Senate Democrats Monday delayed a scheduled vote on a provision to aid states and local governments after the Congressional Budget Office said the bill would increase spending. The CBO analysis further complicates efforts to extend enhanced federal Medicaid funding to states.
The Hill: "Democrats had scheduled a vote to end debate on their proposal to send $10 billion in funding to states and local governments to prevent public teacher layoffs. The package contains another $16.1 billion to help states with Medicaid obligations." Democrats were attempting to pay for the bill by reducing tax credit loopholes for foreign corporations, changing a drug formula in Medicaid and reducing federal food stamp benefits as well as cutting $8 billion in spending, but the CBO said that wasn't enough; they ended up about $5 billion short. "It was unclear Monday whether the fiscal aid measure had the necessary 60 votes to move forward, as Republican leaders have criticized the bill as a tax increase and unnecessary spending" (Alarkon and Bolton, 8/2).
Politico: In terms of the Medicaid assistance and other aid in the measure, "the funds would essentially extend relief provided under the giant economic stimulus bill enacted soon after Obama took office last year. But Democrats have pledged to fully offset the costs through a combination of tax reforms and spending cuts, about $10 billion of which came from the recovery act. … The delay, albeit embarrassing, could yet help Democrats. The timing of Monday's Senate cloture vote caught some supporters by surprise. The Democratic National Committee hastily put together a Web video to promote the cause, and Education Secretary Arne Duncan worked the telephones. But given the stakes, even prominent governors who have a stake in the Medicaid funding were slow to realize the significance of the vote" (Rogers, 8/3).
CongressDaily: "Sen. Susan Collins, R-Maine, said she supports providing states with Medicaid aid but warned that she is concerned about the offsets in the latest version of the bill. 'I am a supporter of extending [the Federal Medical Assistance Percentage] for another six months,' Collins said. 'The first version [of the bill] had cuts in Navy shipbuilding and military construction accounts that were totally unacceptable to me, so I would have to see what the new offsets are' before endorsing it. … Senate Finance ranking member Chuck Grassley said he believes the bill should use unspent stimulus funding to offset the package's cost — a move he said Republicans could vote for" (McCarthy and Sanchez, 8/3).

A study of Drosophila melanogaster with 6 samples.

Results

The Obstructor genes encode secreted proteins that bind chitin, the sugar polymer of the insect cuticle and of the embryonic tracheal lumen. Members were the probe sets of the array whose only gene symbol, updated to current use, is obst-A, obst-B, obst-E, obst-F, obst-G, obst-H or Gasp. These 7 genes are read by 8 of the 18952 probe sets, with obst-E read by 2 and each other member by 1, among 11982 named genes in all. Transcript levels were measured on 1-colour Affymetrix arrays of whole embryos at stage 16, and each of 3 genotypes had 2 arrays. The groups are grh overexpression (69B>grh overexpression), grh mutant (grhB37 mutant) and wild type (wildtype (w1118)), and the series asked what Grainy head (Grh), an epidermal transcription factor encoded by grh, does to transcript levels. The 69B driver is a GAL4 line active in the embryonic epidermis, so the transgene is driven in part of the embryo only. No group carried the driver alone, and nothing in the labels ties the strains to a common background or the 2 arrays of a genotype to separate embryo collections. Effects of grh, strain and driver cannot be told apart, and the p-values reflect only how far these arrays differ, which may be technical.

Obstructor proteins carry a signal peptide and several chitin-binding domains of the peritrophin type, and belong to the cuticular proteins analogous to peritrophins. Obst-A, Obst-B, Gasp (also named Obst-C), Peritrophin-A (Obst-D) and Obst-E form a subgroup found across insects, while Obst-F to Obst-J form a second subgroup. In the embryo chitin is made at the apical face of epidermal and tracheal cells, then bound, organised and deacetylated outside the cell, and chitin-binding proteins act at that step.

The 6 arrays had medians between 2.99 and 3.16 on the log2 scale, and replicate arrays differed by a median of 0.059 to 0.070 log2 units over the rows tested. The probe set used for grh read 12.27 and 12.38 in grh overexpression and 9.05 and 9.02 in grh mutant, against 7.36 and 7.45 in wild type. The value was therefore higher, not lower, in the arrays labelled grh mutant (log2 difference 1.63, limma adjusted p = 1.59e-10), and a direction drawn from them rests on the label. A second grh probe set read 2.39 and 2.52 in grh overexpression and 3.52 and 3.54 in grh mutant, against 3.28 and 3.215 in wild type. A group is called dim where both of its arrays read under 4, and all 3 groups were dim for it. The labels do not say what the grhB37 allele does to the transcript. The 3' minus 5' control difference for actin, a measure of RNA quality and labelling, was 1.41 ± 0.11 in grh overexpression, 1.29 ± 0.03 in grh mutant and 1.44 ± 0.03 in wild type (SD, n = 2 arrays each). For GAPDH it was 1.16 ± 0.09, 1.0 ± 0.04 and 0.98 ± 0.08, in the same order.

The Philadelphia Inquirer reports that Pennsylvania Gov. Ed Rendell — who is helping head a group of governors lobbying hard for the extended Medicaid money — is "optimistic" the Medicaid money will be approved. "The money is to cover the state's Medicaid expenditures — health coverage for Pennsylvanians living in poverty, whose ranks have been swelled by the recession. In July, Rendell and the legislature approved a $28 billion budget for the new fiscal year that relied on the federal government's kicking in the $850 million" (Couloumbis and Worden, 8/3).
The (Allentown, Pa.) Morning Call: "Rendell's spokesman, Gary Tuma, declined to talk about what steps could be taken [if the money was not approved], but did acknowledge that the administration's budget office has drawn up several scenarios in response to the loss of any federal assistance. … If the Senate can't get it passed, U.S. Sen. Bob Casey [D-Pa.] said the chamber would try again until it does. 'It's likely we'll have to keep going back to the drawing board and going back to a different way to pass it,' Casey said. … But even if the Senate does get it passed before adjourning for its August recess, the House, which has already left, still needs to take up the bill when it returns in mid-September" (Itkowitz and Micek, 8/2).
CQ: "The measure is being offered as a substitute amendment to an unrelated House-passed Federal Aviation Administration reauthorization bill (HR 1586). The Medicaid and education provisions were struck from other bills despite heavy lobbying by state and local officials" (Ethridge and Smith, 8/2).